Wednesday, March 4, 2009
In my living room: Vicky Cristina Barcelona
Cold weather here on the East Coast brings with it a strong reliance on indoor activities for entertainment. In addition to baking and cooking, I've started watching a lot of movies... movies that are currently out in theaters, but that I mysteriously get to watch in my living room or on my laptop. Hmmm..... I wonder how that could be possible.... Regardless of the moral implications, I've watched some pretty damn good movies lately. In an effort to post more often, I've decided to review them individually and share my thoughts. First up, a film I got through Netflix, not illegally:
Vicky Cristina Barcelona. Friends Vicky (Rebecca Hall) and Cristina (Scarlett Johansson) spend a summer in Barcelona with Vicky's distant relatives. Vicky is a down-to-Earth, pragmatic graduate student who is engaged to Doug. Cristina is spontaneous, curious, and seems to be a little lost in life. They meet Juan Antonio (Javier Bardem), an artist, and he invites them to spend the weekend with him in a little town called Oviedo. Vicky is reluctant at first, but Cristina convinces her that it might be fun. Over the weekend, Cristina is prepared to sleep with Juan Antonio, but falls ill with food poising. While she spends the remainder of the weekend in bed, Vicky decides to make the most of the trip by accompanying Juan Antonio to visit the local sites. They go to a museum, take walks, have dinner, and eventually develop a strong attraction to each other. Juan Antonio tells her about the explosive relationship he had with his ex-wife, Maria Elena (played by Oscar-winning actress Penelope Cruz). Upon returning to Barcelona, Vicky throws herself into her graduate studies to try and forget about the weekend, while Juan Antonio calls Cristina back to Oviedo to live with him. Maria Elena violently reenters the picture, and the three of them have a tumultuous affair.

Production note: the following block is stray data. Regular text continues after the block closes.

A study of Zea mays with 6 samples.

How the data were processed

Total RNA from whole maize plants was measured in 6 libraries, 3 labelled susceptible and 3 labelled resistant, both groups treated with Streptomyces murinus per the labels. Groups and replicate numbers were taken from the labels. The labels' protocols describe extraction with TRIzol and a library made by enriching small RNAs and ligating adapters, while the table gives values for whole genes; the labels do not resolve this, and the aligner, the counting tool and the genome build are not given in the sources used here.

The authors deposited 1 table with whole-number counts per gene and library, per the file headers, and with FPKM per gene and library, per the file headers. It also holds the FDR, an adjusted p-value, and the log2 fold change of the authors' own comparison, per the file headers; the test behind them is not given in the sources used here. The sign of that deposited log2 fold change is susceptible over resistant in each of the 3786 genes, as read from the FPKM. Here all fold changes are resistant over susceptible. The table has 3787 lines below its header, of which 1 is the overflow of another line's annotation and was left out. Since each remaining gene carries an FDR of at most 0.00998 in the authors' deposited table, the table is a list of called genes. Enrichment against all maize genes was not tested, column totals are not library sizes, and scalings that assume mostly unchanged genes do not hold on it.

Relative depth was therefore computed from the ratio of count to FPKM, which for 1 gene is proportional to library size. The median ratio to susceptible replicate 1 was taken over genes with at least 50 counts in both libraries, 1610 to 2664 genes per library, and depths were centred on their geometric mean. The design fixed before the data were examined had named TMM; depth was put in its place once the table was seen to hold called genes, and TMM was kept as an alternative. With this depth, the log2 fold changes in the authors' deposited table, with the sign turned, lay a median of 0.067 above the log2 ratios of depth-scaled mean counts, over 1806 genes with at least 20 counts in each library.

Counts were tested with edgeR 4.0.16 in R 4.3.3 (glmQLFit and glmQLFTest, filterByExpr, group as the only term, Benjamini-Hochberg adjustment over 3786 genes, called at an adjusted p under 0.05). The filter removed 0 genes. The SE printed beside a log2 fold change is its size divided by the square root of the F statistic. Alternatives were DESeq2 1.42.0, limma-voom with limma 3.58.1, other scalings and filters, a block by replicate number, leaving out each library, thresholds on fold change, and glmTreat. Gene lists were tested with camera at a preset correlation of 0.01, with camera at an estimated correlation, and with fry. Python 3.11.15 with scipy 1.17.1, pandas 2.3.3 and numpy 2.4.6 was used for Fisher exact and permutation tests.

I won't go any further into the story, as I've probably already said too much. But I must say, this movie was right up my alley: European setting, art, foreign tongues, hot actors, witty dialogue, and a plausible storyline that keeps you interested. The narration surprisingly works, and the music is fantastic. The movie captures the different relationships among the characters in a very honest, very frank manner that doesn't leave you going, "Yeah right." There were certain scenes that really hit home for me, and I couldn't help wondering how many other people could relate. Kudos, Woody Allen. I approve.